Japan’s Mount Asama Volcano erupts near Tokyo

Japan’s Mount Asama has erupted, throwing hot rocks out of the crater and depositing a fine layer of ash on parts of Tokyo, some 90 miles to the southeast.

Television footage showed white smoke rising from the 2,568-meter peak and experts are warning that a second eruption is possible.
The first explosion occurred at 1.51 am, according to Shomei Shirato, of the Japan Meteorological Agency, and was described as “small.” Rocks were thrown more than 1 km from the crater, although there have been no reports of injuries or serious damage.

The agency raised its alert level for the snow-capped volcano on Sunday after detecting signs of increased activity. Traffic in the area has been restricted and 45,000 local people warned to be ready to leave their homes should the danger intensify.
There were no signs of lava escaping from the crater of the volcano and experts from the National Institute of Advanced Industrial Science and Technology are trying to determine whether the initial eruption has eased the pressure within the volcano or is merely a precursor to a far larger explosion.
“Mount Asama has erupted in the past, but they have been mostly small events,” said Dr. Akira Takada, a volcano expert with the institute. “At the moment, we do not have enough data to predict whether there will be a larger eruption now.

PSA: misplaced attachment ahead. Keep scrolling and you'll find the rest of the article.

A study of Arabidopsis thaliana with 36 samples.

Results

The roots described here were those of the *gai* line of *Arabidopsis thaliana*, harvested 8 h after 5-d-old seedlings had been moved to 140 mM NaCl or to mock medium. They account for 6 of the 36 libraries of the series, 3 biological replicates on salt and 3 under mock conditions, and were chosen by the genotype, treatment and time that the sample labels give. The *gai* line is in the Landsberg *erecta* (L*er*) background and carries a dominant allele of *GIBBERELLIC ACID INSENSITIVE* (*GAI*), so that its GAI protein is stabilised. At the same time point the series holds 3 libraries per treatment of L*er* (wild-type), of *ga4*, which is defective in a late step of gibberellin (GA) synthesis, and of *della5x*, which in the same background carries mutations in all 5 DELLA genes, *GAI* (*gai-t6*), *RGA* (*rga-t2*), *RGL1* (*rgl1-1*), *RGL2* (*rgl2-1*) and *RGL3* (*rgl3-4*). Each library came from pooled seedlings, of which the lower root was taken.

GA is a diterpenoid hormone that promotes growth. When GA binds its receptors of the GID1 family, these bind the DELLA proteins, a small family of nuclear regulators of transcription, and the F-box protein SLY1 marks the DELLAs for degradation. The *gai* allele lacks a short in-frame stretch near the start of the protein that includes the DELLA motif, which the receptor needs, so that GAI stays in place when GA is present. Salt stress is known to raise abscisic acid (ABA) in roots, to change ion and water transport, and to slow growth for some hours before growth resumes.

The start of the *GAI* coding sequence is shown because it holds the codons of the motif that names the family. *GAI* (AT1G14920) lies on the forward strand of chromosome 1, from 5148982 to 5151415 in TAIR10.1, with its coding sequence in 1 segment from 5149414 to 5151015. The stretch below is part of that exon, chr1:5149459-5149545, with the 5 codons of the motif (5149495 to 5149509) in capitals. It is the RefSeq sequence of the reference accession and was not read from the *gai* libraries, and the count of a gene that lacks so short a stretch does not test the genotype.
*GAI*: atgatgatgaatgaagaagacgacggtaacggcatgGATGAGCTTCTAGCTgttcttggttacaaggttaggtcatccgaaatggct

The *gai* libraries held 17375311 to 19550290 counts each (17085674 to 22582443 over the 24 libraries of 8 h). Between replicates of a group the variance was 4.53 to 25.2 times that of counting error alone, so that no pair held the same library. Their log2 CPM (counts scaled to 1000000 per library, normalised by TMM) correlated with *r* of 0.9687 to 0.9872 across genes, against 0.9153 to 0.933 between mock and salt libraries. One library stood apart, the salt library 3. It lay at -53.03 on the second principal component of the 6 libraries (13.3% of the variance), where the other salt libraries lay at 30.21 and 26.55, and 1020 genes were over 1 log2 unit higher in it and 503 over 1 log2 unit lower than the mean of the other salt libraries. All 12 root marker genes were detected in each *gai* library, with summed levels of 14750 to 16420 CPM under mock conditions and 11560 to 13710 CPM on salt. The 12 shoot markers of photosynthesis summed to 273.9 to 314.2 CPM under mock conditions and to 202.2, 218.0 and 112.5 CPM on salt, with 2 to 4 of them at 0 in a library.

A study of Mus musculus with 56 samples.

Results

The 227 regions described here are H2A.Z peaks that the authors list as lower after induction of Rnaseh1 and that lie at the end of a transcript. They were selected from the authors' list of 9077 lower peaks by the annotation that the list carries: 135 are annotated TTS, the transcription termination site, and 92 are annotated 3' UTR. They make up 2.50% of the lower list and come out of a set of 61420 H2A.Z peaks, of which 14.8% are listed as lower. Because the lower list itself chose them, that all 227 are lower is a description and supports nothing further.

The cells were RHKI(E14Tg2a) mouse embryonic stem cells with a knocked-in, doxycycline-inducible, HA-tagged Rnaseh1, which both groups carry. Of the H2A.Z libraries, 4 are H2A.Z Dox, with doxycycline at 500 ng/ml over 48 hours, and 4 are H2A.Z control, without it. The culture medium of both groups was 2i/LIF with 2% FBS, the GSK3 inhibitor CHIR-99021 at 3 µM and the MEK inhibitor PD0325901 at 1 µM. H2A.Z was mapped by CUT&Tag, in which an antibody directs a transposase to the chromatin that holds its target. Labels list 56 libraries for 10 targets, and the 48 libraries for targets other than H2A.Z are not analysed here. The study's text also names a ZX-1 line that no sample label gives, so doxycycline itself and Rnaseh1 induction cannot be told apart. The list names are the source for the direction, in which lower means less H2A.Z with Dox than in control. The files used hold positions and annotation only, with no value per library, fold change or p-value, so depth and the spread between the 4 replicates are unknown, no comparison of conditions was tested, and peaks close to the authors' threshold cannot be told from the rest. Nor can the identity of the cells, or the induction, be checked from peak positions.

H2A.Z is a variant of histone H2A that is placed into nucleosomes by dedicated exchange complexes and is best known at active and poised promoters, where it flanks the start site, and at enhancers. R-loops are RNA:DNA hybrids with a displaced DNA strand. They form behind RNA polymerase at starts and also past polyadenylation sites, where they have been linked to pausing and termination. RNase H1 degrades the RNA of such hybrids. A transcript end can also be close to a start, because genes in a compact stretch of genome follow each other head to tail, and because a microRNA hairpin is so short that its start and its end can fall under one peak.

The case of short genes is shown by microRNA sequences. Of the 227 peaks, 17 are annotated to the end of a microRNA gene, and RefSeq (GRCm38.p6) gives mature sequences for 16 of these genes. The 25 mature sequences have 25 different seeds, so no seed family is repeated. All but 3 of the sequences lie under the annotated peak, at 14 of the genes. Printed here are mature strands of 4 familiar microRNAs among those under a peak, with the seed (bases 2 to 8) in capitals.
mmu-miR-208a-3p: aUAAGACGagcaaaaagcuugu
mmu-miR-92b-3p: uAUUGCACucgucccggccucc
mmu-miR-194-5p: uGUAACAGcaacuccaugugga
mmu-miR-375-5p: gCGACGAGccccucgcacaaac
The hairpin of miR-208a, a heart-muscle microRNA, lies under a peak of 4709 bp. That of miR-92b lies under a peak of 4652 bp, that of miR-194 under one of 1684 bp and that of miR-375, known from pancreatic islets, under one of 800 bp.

“We are collecting and analysing ash from the volcano to try to determine the condition of the magma, but we do not have the answers right now to the interior system of the mountain,” he said.
Mount Asama has had frequent bouts of activity in recent years, with the last major eruption in September 2004.
Most worrying for the experts would be a repeat of the 1783 eruption, which caused the deaths of more than 1,500 people and widespread damage.
The 1783 eruption began with small scale activity in May, building up in intensity and scale before the main detonation in early August.
Japan – part of the Pacific “rim of fire” – has more than 100 active volcanoes and is regularly subject to seismic activity.